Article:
Sunday, 31 October 2010

Did gangs close Hackney youth centre?

A Hackney youth centre closed down last week, apparently due to gang activity. It had been open for a year.

Cllr Rita Krishna and Cllr Gulay Icoz told Hackney Council on Wednesday that the Blue Hut youth club had closed down.

I think it was Hoxton councilllor, Philip Glanville who added more detail. He started talking about gangs and the previously optimistic comments of Skyways, the voluntary sector organisation which ran Blue Hut. He appeared to be suggesting that Skyways ducked-out out of Blue Hut too easily. He said that voluntary providers also hadn't 'come up to scratch' in the borough (Hoxton Hall - also).

But in relation to Blue Hut, the implication was that Skyways didn't have problem with gangs six months ago but this changed... "One of the reasons they walked away is that they said that there were 'issues'"

I don't 100% know that's what was meant. I'll have to find out in the week unless someone can tell me.

Description of Skyway project in Wednesday's report including a recommendation to base other projects around its strategy. P. 184 of Council agenda:

Blue Hut - Peer Support Programme

The Peer Support Programme is a pilot project currently being run by SkyWay organisation at the Blue Hut and there has been huge interest from young people wanting to be involved in it. It is teaching the young people involved that they can give something back to their community and become positive role models for their peers. Through the programme, they can show there is an alternative to the gangs many young people will see on a daily basis and provide positive role models to the youngsters in their areas.

The programme has been running since October 2009 in its current form although a pilot project on a much smaller scale was run from March 2009 with 3 peer coaches.

In total there have been fifteen young people involved in the programme so far and their ages range from fifteen to twenty four

Page 184years, although most of the young people involved have been between seventeen and twenty one years.

The young people receive support through the development of an individual learning plan, and as part of this they received an in-depth initial meeting and then monthly one to ones which focus on their progress and development in relation to their individual learning plan. The peers specialise in one area, such as drama or sport, and they report to a specific member of staff who is trained in their area of interest and who can offer them continued support and advice. The peers also complete training which is both accredited and non- accredited.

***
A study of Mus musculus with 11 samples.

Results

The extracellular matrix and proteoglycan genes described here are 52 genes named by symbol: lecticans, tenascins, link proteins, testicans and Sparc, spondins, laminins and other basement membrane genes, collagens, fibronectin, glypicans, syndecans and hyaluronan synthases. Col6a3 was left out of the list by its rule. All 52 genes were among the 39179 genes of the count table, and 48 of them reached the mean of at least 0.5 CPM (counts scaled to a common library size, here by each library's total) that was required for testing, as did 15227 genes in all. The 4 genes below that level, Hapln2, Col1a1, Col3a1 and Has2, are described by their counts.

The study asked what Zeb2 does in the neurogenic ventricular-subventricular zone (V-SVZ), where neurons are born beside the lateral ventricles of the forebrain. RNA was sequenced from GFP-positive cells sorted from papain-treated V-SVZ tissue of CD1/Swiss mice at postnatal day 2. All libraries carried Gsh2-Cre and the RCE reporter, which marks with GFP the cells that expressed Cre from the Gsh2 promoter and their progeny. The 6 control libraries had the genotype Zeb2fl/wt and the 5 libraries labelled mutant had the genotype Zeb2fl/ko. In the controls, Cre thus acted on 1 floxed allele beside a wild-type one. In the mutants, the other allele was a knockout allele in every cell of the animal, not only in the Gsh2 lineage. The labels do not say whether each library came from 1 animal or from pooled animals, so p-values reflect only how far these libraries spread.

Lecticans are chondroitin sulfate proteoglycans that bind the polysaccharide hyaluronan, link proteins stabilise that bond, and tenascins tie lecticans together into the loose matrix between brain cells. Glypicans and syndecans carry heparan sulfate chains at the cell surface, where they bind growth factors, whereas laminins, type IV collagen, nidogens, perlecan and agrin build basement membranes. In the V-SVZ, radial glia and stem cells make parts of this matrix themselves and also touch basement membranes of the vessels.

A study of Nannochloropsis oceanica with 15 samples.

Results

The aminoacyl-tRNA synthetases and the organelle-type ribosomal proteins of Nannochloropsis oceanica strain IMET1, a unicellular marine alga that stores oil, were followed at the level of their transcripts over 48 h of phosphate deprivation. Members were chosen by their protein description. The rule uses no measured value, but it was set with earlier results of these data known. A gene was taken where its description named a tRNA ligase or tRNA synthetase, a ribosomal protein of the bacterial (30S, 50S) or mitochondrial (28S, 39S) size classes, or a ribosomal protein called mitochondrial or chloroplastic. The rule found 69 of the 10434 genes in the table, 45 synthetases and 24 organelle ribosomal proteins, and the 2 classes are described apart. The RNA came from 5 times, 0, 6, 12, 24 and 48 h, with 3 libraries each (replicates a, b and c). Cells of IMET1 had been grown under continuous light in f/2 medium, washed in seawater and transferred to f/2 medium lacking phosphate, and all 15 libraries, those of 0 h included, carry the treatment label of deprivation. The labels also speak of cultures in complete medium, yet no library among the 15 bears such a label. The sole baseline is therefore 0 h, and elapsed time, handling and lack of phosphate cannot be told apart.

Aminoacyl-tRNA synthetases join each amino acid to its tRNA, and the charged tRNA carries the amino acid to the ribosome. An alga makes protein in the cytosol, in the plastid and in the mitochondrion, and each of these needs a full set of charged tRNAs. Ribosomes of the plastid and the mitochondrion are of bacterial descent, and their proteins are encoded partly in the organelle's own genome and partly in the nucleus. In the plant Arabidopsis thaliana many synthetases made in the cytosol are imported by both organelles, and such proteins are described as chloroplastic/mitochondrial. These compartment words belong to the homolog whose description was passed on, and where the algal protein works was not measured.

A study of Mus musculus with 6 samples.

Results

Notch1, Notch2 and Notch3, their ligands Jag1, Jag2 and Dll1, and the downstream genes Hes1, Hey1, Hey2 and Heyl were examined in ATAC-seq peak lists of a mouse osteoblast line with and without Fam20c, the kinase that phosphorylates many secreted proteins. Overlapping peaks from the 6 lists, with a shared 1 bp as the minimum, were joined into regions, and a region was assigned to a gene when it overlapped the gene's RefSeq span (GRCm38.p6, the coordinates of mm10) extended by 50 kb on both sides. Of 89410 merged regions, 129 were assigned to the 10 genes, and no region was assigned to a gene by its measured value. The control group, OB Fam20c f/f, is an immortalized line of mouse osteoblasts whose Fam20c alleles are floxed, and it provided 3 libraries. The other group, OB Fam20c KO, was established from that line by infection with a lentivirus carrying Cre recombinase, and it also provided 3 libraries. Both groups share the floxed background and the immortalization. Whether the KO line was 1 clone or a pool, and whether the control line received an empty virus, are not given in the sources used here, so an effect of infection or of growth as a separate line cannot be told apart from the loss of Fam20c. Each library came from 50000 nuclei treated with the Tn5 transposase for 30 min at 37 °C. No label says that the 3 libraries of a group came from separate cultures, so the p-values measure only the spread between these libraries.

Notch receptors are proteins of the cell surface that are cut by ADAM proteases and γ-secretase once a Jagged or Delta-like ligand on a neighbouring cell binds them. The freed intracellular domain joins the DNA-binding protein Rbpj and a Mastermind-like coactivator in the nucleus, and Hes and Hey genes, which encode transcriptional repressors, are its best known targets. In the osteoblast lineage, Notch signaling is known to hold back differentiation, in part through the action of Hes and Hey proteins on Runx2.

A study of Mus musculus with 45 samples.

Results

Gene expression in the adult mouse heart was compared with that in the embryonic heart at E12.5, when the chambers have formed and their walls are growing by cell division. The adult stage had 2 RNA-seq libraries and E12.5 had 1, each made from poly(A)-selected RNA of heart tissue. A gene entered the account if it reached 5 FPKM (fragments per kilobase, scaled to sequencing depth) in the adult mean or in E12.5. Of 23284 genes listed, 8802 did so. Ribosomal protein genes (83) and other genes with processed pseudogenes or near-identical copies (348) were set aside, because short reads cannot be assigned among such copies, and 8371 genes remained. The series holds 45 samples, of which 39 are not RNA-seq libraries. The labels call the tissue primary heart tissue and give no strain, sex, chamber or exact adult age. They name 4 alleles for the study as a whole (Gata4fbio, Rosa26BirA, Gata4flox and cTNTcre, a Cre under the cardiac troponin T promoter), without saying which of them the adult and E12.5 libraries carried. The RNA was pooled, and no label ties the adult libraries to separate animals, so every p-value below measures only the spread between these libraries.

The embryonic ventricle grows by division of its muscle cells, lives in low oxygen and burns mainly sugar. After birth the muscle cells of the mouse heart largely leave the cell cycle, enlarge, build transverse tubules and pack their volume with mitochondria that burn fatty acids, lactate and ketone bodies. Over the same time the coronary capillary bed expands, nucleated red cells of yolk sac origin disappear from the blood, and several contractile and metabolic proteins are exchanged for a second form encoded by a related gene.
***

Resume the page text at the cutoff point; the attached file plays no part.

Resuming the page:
The peers all complete a ‘train the trainer’ course, and this included units on safeguarding, working with young people, running activity sessions, equality and diversity, and confidentiality and data protection. They also completed an enterprise training programme over 4 days. The peers also complete training on working with young people in relation to drugs and alcohol.

Peers are recruited to support activities across all aspects of SkyWay’s programmes and therefore they have sports peers, media peers (music and film), youth work peers and bike maintenance peers. All of the young people involved receive training and paid work experience in the area they are interested, for example sports coaching, media sessions or youth work. The work that they do is constantly monitored and only once the workers are confident in the young people’s abilities and skills and they have completed the relevant training and have had an enhanced CRB check will they be allowed to lead sessions with other young people.

In addition to this, each peer will complete qualifications that are relevant to their interests and will be identified through their individual learning plan; this could include for example Level 1 or 2 in FA football coaching or Level 2 in Youth Work.

The Peer Support Programme has been increasingly popular with young people and it is currently oversubscribed. Staff at the Blue Hut said that the results so far have been very positive and they have seen a number of the peers grow in maturity & confidence, and the young people involved have developed communication, self reliance, team working and leadership skills.

The Commission members talked to one of the young people involved in the Peer Support Programme who told them he felt it was important to develop young people through the programme as it helps to bridge the gap between the young people and youth workers.

Page 185

Recommendation Three

The Commission was impressed during the site visits and through talking to young people by the range of training and qualifications young people are able to gain through youth centres and activities and strongly support and encourage these opportunities.

The Commission was particularly interested in the Peer Support Programme run by SkyWay organisation at the Blue Hut and its aim to develop young people to lead activity sessions with their peers and younger age groups.

The Commission recommends the Youth Service look at the Peer Support Programme currently being run by SkyWay organisation at the Blue Hut and consider adopting a similar model in council maintained youth centres in Hackney.